For quite some time my personal browser start page has been this:
The Google / Firefox Start page in the upper and my own favorite sites mix in the lower window. I love the look, but it has become a pain to keep it updated. Links have changed, my favorite sites have changed, some don’t exist anymore, and thus the time has come to try something new.
Fortunately, there are many services out there that will do much of the work for you, and in my quest to find the best replacement I tested a few and will share my experiences with you. Let me just say that any personalized start page requires a bit of work - constantly. That’s pretty obvious.
If you prefer an extremely simple, yet stylish start page, give AwesomeStart a try. It’s your favorite search engine and your very own selection of links at the bottom, infront of a pretty background. You can pick a theme from different galleries such as movies & tv, music, videogames and some miscelleanous themes. Great plus: no need to sign up! They recognize you as you by using cookies. So you better back up that cookie if you don’t want to lose your personal page.
In my search I found a few very techie sites, among them yourminis, which collects bookmarks on a desktop-like environment, complete with calendar and other widgets. Feel free to check it out. I found it too challenging to even try.
If you are into widgets and different little windows in which you can search, view RSS Feeds, videos or pictures and your notes, but want it to be easy to maintain and without the desktop feel, there is MySurfPad, Pageflakes or iGoogle to try.
They are all pretty much the same, but Pageflakes left me with the best overall impression. Flakes are those little widgets that will bring news, tools (calculator, weather, Wikipedia, e-mail, address book), pagecasts (calendars, to-do-lists, bookmarks, clocks), entertainment (YouTube videos, Flickr photos, podcasts), and Fun (Sudoku, Twitter, Facebook, MySpace) straight to your start page. Open the menu and make a selection. If your page is becoming too full, create a new one and drag&drop flakes from one page to another.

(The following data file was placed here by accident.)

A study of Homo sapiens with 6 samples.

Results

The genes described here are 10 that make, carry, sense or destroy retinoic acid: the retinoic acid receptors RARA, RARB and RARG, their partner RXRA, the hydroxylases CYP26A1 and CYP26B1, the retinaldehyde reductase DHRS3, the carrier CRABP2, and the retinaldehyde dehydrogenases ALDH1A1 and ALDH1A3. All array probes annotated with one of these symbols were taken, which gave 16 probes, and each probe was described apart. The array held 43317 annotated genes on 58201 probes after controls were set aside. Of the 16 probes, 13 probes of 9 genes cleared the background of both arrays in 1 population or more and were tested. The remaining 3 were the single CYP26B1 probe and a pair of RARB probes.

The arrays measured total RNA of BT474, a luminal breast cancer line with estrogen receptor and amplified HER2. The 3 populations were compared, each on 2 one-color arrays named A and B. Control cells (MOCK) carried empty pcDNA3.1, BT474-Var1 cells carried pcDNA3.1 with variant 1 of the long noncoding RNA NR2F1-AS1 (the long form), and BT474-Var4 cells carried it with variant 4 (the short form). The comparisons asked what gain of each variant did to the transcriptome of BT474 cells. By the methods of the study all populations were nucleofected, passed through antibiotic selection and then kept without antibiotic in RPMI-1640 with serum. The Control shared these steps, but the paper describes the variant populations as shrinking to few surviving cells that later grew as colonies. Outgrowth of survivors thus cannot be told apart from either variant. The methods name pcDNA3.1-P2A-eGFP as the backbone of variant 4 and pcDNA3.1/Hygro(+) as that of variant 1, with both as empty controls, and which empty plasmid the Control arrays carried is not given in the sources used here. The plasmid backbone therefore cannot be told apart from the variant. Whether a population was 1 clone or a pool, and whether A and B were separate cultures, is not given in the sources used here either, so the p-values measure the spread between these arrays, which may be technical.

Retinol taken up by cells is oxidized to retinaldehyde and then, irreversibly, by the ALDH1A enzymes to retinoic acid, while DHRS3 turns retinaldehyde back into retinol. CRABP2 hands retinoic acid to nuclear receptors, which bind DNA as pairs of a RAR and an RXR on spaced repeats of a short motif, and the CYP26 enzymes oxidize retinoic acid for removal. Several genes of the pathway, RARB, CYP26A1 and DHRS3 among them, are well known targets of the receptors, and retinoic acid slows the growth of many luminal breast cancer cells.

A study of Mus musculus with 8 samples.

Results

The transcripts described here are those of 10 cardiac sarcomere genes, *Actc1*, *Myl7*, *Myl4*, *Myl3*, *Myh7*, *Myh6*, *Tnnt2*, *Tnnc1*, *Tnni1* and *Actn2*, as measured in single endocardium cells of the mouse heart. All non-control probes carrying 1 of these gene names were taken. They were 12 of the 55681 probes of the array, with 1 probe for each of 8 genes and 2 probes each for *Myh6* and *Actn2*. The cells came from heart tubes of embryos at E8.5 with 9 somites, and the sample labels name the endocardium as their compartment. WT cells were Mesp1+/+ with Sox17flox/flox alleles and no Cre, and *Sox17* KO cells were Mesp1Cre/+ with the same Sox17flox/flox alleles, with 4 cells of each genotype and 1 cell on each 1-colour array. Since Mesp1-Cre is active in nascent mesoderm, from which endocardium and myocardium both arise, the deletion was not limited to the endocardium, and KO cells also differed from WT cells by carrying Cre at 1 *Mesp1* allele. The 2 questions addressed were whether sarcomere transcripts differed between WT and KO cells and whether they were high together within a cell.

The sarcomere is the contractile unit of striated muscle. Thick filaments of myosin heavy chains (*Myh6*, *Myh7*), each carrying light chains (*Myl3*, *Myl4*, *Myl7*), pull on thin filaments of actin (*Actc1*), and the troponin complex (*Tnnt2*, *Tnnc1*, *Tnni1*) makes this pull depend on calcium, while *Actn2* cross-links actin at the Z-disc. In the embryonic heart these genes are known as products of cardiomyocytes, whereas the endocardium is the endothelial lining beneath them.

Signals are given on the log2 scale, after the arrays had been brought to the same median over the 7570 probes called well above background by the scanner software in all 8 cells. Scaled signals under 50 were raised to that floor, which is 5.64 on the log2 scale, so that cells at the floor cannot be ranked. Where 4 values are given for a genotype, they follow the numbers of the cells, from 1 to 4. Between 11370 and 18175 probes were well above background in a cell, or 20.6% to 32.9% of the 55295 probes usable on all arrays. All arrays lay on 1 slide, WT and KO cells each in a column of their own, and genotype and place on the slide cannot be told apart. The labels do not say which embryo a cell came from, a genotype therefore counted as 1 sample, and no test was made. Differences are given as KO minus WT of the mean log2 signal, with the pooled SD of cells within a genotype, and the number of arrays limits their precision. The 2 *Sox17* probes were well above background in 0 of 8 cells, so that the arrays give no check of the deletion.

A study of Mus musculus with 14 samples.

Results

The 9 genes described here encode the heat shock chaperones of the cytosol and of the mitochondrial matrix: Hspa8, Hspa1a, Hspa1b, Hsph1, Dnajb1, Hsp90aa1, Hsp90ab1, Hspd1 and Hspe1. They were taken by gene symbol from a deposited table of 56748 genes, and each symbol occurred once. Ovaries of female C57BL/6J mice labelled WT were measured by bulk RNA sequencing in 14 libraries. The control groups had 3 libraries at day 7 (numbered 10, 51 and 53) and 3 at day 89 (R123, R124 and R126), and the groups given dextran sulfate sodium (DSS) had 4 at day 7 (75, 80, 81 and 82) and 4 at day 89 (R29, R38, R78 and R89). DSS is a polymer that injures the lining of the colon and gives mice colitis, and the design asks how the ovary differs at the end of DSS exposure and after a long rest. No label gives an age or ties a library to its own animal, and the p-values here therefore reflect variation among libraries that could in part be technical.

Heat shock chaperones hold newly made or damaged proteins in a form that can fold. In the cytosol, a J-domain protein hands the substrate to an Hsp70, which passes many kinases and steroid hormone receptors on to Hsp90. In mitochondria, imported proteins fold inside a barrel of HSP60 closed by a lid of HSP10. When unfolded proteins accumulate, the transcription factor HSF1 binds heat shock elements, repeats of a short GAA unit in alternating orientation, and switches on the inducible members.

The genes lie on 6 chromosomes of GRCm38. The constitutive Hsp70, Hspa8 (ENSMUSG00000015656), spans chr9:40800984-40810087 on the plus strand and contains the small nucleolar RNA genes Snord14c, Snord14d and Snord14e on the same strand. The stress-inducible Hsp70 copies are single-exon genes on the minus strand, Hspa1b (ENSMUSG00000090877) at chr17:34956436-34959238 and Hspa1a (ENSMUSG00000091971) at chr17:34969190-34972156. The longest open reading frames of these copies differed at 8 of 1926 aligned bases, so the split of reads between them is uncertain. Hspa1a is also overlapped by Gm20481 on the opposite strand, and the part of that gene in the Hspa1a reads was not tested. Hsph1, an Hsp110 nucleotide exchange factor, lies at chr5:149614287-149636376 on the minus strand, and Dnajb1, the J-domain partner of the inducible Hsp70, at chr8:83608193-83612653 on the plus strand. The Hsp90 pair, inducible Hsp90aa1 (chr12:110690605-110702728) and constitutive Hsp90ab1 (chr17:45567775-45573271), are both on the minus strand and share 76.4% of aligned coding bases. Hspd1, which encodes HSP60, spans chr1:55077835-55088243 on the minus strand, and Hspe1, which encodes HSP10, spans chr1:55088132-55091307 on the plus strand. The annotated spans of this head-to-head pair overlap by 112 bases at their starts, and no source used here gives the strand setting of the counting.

You can import your bookmarks from Del.icio.us, Internet Explorer or Mozilla Firefox.
There definitely is potential for addiction in Pageflakes. But frankly, even though all of the widgets are extremely cool, my bookmarks get a raw deal in this setup. They should be the focus, not the side dish.
So let’s have a look at Tabmarks. You start out with a selection of ten default tabs, i.e. categories for your bookmarks. That’s also the maximum number of tabs you can add to one tabmark.
Below each tab is a list of links belonging to that tab and this list can be personalized. Click on a link and it opens underneath the tabs. To make some space, you can hide the tabs. You can personalize tabs through the Library, not through Preferences! In Preferences you can select your landing page, the overall style, and which tabs are to be shown or hidden. In the Library you can control all of that plus re-name, re-order tabs, and add a whole new “tabmarks”.
It’s not quite what I was looking for. Rather than a plain text link I would love to see a little preview image of my bookmark. However, I love the way links are opened and I realize that images would take up much more space, making this impossible. Also I can still open links in a new tab if I wish using the middle-mouse click in Firefox. So the way links are treated is a huge plus and Tabmarks will be my new browser start page.
Finally, attentive MUO readers will recall that Linda has written a similar post back in February. In Aggregate your Favorite Websites on One Page she wrote about AllMyFaves and Symbaloo. I found AllMyFaves quite overwhelming. There are way too many icons and logos on one page to handle and it’s not yet customizable. Symbaloo on the other hand is pretty neat with an adorable style and allows for some customization.